The need for creative, out-of-the-box thinking on climate change communication and messaging, especially with scholarly engagement from disciplines beyond the climate sciences and with attention to empirical evaluation, has never been stronger. Spearheaded by Professor of Environmental Sciences and Policy at Duke University and returning ITP Grant Partner Nicole Heller, this project will bring together a group of scholars and practitioners predominately from the Duke University community in neurobiology, behavioral economics, climate and earth science, and the arts. They will explore experimental understanding to date and possible new research and education avenues at the intersection of art, cognition and climate science.
Eileen Thorsos is the Sustainability Education Program Coordinator for the Duke University Environmental Leadership Program & Duke University Superfund Research Center. Her work includes integrating sustainability into Duke curricula and communicating with professional and general audiences about environmental health and toxicology. She is interested in implementing effective communications approaches for shifting people's attitudes and behaviors related to climate change.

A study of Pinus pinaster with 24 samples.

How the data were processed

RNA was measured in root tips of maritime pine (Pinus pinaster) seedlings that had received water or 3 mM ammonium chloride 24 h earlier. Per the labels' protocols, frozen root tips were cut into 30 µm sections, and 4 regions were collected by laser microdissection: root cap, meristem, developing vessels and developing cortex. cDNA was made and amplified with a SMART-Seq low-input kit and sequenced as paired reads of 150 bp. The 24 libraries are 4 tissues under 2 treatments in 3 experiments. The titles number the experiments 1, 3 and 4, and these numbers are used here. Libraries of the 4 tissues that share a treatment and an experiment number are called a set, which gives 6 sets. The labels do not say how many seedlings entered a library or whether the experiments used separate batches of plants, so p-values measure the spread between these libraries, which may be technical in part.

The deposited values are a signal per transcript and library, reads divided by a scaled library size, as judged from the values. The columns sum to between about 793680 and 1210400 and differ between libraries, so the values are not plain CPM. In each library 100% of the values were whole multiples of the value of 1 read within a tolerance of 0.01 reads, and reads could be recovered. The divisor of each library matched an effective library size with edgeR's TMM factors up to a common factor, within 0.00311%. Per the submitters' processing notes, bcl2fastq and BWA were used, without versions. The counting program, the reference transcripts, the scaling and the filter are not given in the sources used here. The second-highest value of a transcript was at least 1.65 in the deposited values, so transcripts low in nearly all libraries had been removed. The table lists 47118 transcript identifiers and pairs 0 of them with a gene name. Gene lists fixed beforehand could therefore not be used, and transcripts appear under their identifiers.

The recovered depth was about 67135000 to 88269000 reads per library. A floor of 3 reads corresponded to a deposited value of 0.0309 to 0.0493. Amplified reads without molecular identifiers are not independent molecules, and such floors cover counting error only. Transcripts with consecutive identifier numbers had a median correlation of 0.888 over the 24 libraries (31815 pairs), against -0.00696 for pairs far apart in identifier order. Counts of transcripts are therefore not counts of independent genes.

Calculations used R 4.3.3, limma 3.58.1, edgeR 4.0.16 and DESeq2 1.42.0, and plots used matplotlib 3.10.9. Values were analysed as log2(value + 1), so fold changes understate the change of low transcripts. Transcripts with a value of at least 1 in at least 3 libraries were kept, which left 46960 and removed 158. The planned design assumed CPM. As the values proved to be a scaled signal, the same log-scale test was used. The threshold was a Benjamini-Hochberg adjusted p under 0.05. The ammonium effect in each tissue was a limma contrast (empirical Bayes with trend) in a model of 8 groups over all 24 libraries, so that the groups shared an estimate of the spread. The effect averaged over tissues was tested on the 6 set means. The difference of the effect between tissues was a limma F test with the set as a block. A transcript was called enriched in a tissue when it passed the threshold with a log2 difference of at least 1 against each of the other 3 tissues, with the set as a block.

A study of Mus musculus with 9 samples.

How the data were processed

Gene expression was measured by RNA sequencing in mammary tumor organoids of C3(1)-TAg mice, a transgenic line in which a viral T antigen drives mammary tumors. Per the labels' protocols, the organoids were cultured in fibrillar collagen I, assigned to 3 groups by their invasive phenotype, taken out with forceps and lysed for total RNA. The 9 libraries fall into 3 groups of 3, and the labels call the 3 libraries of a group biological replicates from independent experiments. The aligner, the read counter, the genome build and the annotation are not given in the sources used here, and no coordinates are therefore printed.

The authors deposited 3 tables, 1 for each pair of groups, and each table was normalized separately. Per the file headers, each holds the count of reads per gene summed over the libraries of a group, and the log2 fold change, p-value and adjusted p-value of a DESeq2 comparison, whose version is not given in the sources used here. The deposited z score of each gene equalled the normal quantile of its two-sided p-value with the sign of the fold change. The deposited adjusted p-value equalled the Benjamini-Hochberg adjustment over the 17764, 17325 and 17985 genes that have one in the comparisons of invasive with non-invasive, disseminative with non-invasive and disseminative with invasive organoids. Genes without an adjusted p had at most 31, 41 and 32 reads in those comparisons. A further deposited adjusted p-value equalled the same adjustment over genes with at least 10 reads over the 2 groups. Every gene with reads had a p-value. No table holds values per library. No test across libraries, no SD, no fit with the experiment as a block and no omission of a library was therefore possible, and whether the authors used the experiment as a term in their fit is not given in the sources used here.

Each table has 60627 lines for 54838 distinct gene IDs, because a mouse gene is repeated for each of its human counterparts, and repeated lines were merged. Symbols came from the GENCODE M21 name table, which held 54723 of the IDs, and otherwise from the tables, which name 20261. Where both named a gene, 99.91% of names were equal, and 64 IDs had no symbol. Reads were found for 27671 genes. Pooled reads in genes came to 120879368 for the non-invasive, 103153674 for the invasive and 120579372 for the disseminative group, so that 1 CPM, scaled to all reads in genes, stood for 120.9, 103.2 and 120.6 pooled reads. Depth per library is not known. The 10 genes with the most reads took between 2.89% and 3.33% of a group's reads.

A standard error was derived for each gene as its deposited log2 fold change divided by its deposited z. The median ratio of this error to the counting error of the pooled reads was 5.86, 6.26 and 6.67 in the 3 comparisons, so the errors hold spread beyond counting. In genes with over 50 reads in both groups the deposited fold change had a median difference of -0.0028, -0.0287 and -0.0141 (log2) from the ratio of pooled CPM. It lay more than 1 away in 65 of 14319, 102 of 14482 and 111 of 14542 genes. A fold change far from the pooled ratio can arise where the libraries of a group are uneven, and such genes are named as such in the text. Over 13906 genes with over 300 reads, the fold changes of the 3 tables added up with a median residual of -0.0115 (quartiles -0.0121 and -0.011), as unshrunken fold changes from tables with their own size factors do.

Eileen 'invoked the pause' in the hills of North Carolina last fall with the Duke University Nicholas School of the Environment team. She recently spoke to us about this experience and the ensuing 'collateral delights'.
In September, a group of us got together for a 'pause' to brainstorm about experimental research on climate change communications, see here. Below, I have included some of the pictures from this retreat to share a bit more. What is on my mind though is Hurricane Sandy. It's been mind blowing to see the images of the storm and hear about the tragic deaths and damages. But the silver lining, if we can look for one, may be the shift the storm has produced in the conversation on climate change. Amazingly, the topic did not enter the presidential debate. But it has inserted itself now in the form of a giant, late season hurricane. » Read More
Dr. Bill Chameides is Dean of Duke University's Nicholas School of the Environment, a member of the National Academy of Sciences and a contributing writer to the Huff Post Green, a section of the Huffington Post. Recently, Huff Post Green featured Dr. Chameides' article on ITP Grant Partner and Climate Scientist Nicole Heller's retreat in North Carolina.
Returning ITP Grant Partner and Climate Scientist Nicole Heller of Duke University Nicholas School of the Environment, along with several neuroscientists and artists recently gathered for a two day retreat in North Carolina. Their coming together may change the way we receive the climate change message. Read about their "pause" here.